Utilizing image guided surgery for user interaction in medical augmented reality


URI: http://nbn-resolving.de/urn:nbn:de:bsz:21-opus-16617
http://hdl.handle.net/10900/48730
Dokumentart: Report (Bericht)
Date: 2005
Source: WSI ; 2005 ; 4
Language: English
Faculty: 7 Mathematisch-Naturwissenschaftliche Fakultät
Department: Sonstige - Informations- und Kognitionswissenschaften
DDC Classifikation: 004 - Data processing and computer science
Keywords: Erweiterte Realität <Informatik> , Visualisierung , Mensch-Maschine-Kommunikation , Computergraphik
Other Keywords: Medizinische Visualisierung , Intraoperative Navigation
Image Guided Surgery
License: Publishing license including print on demand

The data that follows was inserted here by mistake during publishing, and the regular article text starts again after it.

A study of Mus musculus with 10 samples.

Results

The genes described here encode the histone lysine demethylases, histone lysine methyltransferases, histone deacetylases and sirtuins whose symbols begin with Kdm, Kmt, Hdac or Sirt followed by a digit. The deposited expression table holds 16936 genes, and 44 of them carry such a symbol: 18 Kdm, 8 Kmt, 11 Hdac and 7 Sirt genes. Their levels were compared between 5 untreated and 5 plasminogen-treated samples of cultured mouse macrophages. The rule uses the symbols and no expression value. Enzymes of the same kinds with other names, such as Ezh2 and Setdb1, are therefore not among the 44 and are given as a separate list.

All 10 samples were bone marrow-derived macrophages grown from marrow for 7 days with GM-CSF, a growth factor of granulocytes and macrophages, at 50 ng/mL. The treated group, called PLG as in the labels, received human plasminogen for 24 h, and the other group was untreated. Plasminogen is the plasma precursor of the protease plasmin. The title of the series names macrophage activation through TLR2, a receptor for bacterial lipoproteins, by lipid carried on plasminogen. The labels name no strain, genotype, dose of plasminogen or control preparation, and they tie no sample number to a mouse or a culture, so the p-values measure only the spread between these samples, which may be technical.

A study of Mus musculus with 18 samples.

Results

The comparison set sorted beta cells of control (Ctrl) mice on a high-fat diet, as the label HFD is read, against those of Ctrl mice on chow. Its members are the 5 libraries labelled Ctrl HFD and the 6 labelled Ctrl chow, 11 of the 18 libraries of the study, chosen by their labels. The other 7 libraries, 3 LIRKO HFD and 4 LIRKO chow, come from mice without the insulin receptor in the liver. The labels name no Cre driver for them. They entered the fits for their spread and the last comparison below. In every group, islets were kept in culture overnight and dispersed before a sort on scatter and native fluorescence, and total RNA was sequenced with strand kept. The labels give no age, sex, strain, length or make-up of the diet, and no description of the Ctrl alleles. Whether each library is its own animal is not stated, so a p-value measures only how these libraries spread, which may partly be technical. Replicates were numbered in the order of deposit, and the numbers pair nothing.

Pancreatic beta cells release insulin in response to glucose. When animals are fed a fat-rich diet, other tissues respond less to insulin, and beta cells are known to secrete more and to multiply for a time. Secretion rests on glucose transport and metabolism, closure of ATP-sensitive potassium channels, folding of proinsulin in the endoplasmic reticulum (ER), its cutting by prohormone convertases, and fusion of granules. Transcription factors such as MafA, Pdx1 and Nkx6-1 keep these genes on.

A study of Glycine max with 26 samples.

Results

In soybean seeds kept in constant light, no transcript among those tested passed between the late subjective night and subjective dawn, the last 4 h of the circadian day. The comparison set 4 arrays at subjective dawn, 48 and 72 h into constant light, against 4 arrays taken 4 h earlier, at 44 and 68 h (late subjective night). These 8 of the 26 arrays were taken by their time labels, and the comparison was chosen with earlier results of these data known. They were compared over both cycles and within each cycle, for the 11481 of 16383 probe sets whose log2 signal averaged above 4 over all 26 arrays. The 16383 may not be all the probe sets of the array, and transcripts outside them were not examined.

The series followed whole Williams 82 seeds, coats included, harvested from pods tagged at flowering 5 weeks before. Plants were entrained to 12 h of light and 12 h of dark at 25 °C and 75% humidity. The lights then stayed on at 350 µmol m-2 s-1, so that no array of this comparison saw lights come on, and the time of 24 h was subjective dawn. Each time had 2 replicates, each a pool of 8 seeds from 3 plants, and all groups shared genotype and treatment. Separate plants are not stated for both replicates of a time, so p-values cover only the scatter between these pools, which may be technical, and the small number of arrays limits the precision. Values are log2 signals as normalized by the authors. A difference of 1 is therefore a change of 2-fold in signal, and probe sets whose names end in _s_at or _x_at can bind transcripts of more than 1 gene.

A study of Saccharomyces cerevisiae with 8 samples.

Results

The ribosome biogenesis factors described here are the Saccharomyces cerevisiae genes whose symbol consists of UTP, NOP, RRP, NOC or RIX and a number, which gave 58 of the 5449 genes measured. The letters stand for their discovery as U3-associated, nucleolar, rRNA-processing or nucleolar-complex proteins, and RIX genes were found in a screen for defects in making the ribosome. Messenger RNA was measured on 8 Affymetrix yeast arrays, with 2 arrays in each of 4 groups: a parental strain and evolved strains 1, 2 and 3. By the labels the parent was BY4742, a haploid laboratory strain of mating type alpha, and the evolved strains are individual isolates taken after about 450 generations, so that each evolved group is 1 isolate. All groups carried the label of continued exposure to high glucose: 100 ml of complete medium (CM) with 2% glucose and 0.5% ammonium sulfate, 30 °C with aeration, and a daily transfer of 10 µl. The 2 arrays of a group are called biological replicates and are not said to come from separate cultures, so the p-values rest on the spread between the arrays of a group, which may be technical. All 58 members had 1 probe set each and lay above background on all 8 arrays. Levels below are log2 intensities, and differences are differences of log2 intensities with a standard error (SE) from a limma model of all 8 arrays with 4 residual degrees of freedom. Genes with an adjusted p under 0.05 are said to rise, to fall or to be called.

The graphical overlay of additional medical information over the patient during a surgical procedure has long been considered one of the most promising applications of augmented reality. While many experimental systems for augmented reality in medicine have reached an advanced state and can deliver high-quality augmented video streams, they usually depend heavily on specialized dedicated hardware. Such dedicated system components, which originally have been designed for engineering applications or VR research, often are ill-suited for use in the clinical practice. We have described a novel medical augmented reality application, which is based almost exclusively on existing, commercially available, and certified medical equipment. In our system, a so-called image guided surgery device is used for tracking a webcam, which delivers the digital video stream of the physical scene that is augmented with the virtual information. In this paper, we show how the capability of the image guided surgery system for tracking surgical instruments can be harnessed for user interaction. Our method enables the user to define points and freely drawn shapes in 3-d and provides selectable menu items, which can be located in immediate proximity to the patient. This eliminates the need for conventional touchscreen- or mouse-based user interaction without requiring additional dedicated hardware like dedicated tracking systems or specialized 3-d input devices. Thus the surgeon can directly interact with the system, without the help of additional personnel. We demonstrate our new input method with an application for creating operation plan sketches directly on the patient in an augmented view.